8 February – 8 March 2020
The photographical series titled Pietà (2005) by Raoef Mamedov forms the closing of his trilogy which started with The Last Supper and The Games on the Window Sills.
It is no secret that the main theme of the Pietà – the grieving after Christ has been taken from the cross – has often been depicted by many different artists, with which each artlover is familiar. The cycle here displayed by Raoef Mamedov is flooded with quotes. Besides references to the Pietà there is also a clear homage to the famous painting by Rembrandt, The Anatomy Lesson of Dr. Nicolaes Tulp.
It is perhaps superfluous to mention that, just as before, the artist used people with Down’s syndrome to pose for him. Within the supposed contamination of the interior of an operating room and a anatomical cabinet the actors illustrate, dressed in medical uniforms, a new lecture of an old story. The visual quotes in the work are like the splinters of one large transcript.
The wealth of metaphors and echoes of meaning guide the more experienced viewer to Mamedov’s beloved theme of the so-called ‘schizoanalysis’, as described by the French philosophers Gilles Deleuze and Felix Guattari. According to this doctrine the diseased society is meeting resistance by a group of outcasted individuals (who are placed in one group together with criminals and artists by Deleuze and Guattari). With their whole being they express their skeptical views on the exclusiveness of the ruling standards, language and logic.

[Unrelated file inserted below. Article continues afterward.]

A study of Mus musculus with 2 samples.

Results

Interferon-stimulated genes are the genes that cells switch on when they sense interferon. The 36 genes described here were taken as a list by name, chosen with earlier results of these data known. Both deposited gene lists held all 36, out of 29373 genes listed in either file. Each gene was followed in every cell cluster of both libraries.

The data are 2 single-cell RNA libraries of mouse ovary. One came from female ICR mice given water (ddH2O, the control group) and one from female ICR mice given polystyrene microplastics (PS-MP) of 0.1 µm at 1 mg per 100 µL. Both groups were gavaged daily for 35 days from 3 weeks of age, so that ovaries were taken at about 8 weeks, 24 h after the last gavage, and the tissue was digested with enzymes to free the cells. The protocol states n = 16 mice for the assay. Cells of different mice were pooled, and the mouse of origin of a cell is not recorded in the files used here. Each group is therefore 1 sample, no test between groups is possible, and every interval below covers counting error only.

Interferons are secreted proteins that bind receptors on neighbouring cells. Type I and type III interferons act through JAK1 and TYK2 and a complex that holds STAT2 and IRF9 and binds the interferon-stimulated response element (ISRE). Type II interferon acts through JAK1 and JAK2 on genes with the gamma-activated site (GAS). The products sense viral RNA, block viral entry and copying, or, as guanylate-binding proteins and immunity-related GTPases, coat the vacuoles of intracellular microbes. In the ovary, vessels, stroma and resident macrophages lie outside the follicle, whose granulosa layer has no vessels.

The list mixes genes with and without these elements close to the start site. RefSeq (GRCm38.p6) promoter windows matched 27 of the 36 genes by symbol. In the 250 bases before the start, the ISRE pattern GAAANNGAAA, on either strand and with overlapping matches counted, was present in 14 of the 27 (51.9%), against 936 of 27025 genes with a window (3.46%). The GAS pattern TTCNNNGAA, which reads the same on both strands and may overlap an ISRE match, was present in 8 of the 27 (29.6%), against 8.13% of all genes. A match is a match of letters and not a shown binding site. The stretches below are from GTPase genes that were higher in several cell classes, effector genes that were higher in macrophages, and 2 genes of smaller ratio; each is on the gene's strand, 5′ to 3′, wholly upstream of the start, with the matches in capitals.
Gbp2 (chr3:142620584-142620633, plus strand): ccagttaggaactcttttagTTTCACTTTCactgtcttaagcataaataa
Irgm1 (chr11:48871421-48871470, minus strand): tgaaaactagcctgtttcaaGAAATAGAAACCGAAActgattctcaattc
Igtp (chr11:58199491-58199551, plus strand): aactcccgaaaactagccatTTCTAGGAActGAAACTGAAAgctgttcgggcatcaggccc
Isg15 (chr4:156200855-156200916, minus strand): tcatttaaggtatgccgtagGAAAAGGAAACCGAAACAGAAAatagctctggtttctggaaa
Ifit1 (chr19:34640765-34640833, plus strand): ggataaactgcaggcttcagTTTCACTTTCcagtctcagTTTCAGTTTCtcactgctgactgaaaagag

Within the frameworks of this ‘schizofrenic discours’ the characters bring us closer to the intriguing theme of the definition and the comprehension of the self through the other. The carnivalesque aspect of the depiction, his deviation of the original and the parodying tone reveal the weak spots and shortages in a worldview that once made sense. At the same time the allegoric level of the presentation draws our attention inward to our own thoughts and identity.
Mamedov renounces every tendency towards standardization. Using his actors he allows the viewer access to ‘fragmented truths’. By the childlike innocence with which the characters play the staged mystery, we are forced to think about the potential quantity of possible interpretations. Their natural naivety attests an entire layer of reflective skills that are unknown to us. Together the people with Down’s syndrome form a choir that brings dissonants in the original monopoly of the standard reading of cultural codes.